The data to be indexed can generally come from very different sources: SQL databases, plain text files, HTML files, mailboxes, and so on.


RT indexes additionally allow for online full-text index updates. Data can be loaded into disk indexes using a so-called data source.

Official native Sphinx API implementations for PHP, Perl, Python, Ruby and Java are included within the distribution package.

API is very lightweight so porting it to a new language is known to take a few hours or days.

Actually, each and every important aspect was a problem: Despite the amount of time passed and numerous improvements made in the other solutions, there's still no solution which I personally would be eager to migrate to.

Considering that and a lot of positive feedback received from Sphinx users during last years, the obvious decision is to continue developing Sphinx (and, eventually, to take over the world).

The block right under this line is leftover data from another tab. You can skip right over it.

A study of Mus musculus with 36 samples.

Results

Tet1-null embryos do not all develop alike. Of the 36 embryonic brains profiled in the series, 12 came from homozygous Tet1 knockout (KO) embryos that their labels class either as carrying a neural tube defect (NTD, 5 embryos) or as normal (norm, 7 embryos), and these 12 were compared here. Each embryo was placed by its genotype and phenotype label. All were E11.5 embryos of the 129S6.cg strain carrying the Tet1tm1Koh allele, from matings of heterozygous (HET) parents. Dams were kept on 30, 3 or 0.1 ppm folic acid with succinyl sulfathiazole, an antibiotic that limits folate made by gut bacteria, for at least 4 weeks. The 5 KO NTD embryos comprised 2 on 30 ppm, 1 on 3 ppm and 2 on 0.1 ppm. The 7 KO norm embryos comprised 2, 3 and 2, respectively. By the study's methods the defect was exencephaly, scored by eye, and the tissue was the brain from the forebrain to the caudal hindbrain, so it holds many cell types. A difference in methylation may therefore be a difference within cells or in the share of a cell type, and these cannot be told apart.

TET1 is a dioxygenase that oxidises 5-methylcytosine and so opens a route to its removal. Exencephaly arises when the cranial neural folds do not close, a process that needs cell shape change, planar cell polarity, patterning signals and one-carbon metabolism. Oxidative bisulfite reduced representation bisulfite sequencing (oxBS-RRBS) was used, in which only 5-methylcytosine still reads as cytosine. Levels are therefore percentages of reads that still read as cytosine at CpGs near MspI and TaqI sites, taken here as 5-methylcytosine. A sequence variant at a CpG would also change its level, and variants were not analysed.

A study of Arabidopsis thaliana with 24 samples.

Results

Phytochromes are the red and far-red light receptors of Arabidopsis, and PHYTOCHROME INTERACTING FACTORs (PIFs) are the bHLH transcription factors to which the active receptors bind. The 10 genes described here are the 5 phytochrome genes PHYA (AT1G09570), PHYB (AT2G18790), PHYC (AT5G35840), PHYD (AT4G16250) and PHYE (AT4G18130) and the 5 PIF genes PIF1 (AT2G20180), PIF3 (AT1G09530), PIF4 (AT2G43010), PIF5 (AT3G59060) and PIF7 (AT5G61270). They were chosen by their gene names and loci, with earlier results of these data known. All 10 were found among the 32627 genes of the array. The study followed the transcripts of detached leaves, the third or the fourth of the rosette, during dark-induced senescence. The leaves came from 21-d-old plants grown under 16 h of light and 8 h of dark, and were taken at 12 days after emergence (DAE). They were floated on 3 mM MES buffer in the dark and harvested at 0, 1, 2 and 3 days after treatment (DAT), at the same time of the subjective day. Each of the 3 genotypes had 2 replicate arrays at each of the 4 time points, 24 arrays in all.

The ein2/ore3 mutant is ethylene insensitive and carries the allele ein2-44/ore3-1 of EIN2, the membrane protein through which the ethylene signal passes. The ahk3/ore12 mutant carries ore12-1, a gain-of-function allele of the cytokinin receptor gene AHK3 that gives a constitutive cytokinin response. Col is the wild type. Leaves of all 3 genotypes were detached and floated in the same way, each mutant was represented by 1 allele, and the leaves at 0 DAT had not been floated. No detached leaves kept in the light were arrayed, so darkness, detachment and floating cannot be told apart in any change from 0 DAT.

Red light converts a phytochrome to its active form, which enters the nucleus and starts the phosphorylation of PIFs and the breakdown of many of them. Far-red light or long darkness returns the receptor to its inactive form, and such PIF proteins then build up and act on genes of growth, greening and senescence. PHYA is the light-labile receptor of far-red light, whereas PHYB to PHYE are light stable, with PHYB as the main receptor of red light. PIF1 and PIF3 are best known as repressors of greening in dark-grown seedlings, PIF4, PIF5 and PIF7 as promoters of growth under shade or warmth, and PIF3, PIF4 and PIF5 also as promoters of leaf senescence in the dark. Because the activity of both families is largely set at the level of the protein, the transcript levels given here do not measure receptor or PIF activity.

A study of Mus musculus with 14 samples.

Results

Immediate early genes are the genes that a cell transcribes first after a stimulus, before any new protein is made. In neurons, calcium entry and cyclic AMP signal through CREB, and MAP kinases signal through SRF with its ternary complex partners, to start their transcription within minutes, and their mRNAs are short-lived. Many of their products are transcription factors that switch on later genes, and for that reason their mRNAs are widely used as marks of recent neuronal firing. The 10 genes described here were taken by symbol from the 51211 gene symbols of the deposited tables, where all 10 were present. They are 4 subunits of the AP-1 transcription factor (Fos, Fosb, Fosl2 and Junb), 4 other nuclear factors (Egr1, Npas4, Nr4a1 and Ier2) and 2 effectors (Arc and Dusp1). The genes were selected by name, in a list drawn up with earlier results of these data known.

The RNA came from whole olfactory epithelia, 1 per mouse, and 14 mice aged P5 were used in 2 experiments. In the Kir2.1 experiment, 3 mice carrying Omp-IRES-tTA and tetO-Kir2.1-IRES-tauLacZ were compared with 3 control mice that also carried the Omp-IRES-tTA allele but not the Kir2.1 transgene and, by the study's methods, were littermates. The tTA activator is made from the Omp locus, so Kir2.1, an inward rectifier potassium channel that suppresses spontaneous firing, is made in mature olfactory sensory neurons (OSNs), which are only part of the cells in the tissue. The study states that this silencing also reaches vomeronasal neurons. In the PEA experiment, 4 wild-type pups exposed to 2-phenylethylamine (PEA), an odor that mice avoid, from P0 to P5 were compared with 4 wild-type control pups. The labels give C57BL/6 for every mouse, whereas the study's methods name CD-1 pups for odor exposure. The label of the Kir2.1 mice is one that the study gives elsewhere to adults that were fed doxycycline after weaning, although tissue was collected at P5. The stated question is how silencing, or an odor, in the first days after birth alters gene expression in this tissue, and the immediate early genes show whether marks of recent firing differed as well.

None of the different querying methods are deprecated, but as of version 2.2.1-beta, Sphinx QL is the most advanced method.

We plan to remove Sphinx API and Sphinx SE someday so it would be a good idea to start using Sphinx QL.

Built-in sources can fetch data directly from My SQL, Postgre SQL, MSSQL, ODBC compliant database (Oracle, etc) or a pipe in TSV or a custom XML format. to natively support other DBMSes) is designed to be as easy as possible.

RT indexes, as of 1.10-beta, can only be populated using Sphinx QL.

Sphinx is a full-text search engine, publicly distributed under GPL version 2. It was specially designed to integrate well with SQL databases storing the data, and to be easily accessed by scripting languages.